A group of medical, acoustic, and scientific experts conducted studies on wind energy turbines and how it affects people’s health. Based on human experience and scientific evidence, wind turbines pose no harm.
Wind energy generates electricity without producing air pollutants or greenhouse gases. Also, it does not use water to convert electricity, therefore creating a better and healthier environment.
In June 2014, a review of 60 studies conducted globally concerning wind turbines affecting human health was published. It concluded that wind turbines do not pose adverse effects on human health, though they can be a source of noise for some.
Moreover, the IEC (Iowa Environmental Council) also reports no proof to back up claims on health issues caused by turbines. As expressed by Peter Thorne from the Department of Occupational and Environmental Health in the University of Iowa, though some neighbourhood homes complain of the noise that wind turbines produce. There are no research studies to support claims that it has adverse health effects on individuals.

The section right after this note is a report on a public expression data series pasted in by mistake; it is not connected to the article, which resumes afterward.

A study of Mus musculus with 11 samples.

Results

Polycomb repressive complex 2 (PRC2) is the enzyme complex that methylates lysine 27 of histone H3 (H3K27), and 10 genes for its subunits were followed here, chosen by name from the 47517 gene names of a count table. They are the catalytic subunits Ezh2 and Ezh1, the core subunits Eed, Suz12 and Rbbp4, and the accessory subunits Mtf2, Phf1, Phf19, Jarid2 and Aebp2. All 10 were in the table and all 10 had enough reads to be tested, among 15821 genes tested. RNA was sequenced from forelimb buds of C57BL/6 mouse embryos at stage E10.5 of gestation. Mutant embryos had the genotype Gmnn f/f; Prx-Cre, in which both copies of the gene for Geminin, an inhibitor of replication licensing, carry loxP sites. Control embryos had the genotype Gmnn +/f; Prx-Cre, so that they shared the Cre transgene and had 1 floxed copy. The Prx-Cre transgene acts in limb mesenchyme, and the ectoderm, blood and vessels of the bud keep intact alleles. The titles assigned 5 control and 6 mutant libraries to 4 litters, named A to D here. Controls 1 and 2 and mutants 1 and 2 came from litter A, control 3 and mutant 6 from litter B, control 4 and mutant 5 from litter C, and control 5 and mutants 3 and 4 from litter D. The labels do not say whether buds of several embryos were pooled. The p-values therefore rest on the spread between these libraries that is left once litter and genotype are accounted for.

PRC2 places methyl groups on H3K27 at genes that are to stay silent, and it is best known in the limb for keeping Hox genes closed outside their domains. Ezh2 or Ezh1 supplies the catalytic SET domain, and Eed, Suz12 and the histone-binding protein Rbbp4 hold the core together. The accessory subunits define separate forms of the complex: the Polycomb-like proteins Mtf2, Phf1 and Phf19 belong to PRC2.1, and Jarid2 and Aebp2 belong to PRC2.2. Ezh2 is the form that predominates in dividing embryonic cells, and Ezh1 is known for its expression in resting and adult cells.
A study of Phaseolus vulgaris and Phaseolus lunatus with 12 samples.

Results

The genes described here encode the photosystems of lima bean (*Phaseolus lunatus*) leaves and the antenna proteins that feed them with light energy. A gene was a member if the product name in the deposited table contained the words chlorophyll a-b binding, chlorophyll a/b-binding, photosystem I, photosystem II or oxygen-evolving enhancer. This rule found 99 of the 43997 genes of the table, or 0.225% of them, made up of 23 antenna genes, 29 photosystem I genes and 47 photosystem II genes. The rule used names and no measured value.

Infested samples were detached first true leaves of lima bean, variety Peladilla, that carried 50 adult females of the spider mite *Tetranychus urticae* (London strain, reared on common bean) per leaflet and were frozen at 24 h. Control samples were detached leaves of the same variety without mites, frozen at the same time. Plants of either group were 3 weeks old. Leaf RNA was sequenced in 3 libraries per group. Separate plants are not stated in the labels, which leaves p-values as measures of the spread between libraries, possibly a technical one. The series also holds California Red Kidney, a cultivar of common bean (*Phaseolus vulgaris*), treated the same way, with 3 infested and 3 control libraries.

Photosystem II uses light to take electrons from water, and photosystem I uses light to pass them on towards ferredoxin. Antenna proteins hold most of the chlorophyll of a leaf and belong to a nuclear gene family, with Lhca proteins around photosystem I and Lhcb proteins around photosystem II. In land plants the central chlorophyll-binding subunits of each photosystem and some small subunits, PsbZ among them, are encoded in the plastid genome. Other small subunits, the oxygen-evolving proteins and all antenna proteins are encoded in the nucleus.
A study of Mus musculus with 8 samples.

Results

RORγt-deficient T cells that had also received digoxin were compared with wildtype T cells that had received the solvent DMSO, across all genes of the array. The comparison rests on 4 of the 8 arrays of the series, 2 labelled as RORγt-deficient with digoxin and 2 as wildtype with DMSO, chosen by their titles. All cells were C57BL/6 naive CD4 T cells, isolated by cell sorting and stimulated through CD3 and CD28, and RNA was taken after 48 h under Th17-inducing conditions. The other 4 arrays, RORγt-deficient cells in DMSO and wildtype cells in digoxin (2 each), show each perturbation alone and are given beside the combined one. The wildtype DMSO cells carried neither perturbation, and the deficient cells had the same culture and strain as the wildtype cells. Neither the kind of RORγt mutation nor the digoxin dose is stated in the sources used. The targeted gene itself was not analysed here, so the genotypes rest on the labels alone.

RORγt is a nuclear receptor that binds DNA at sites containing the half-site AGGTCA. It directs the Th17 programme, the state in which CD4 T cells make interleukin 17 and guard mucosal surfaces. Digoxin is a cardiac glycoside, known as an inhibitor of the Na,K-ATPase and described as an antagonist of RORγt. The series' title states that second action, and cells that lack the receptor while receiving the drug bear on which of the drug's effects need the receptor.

Globally, the wind industry continues to work with experts to monitor and research more on the effect of wind turbines on human health. But so far, no risks have been found.
Addressing Sound Pollution
Wind energy designers in Canada pay attention to rules regarding wind facilities under the administration of provincial governments. Moreover, they follow regulations created by the energy sector. Therefore, wind developers must fulfill the requirements to protect the public from noise.
Typically, developers rely on manufacturers to give information regarding wind turbine sound levels during operations. Then, developers utilize noise measurements and calculations to ensure lesser noise for residents nearby.
Once the wind turbines are functional, they conduct sound audits to quantify turbine sound and measure sound at homes nearby while ensuring that they fulfill the sound specifications provided by the manufacturer.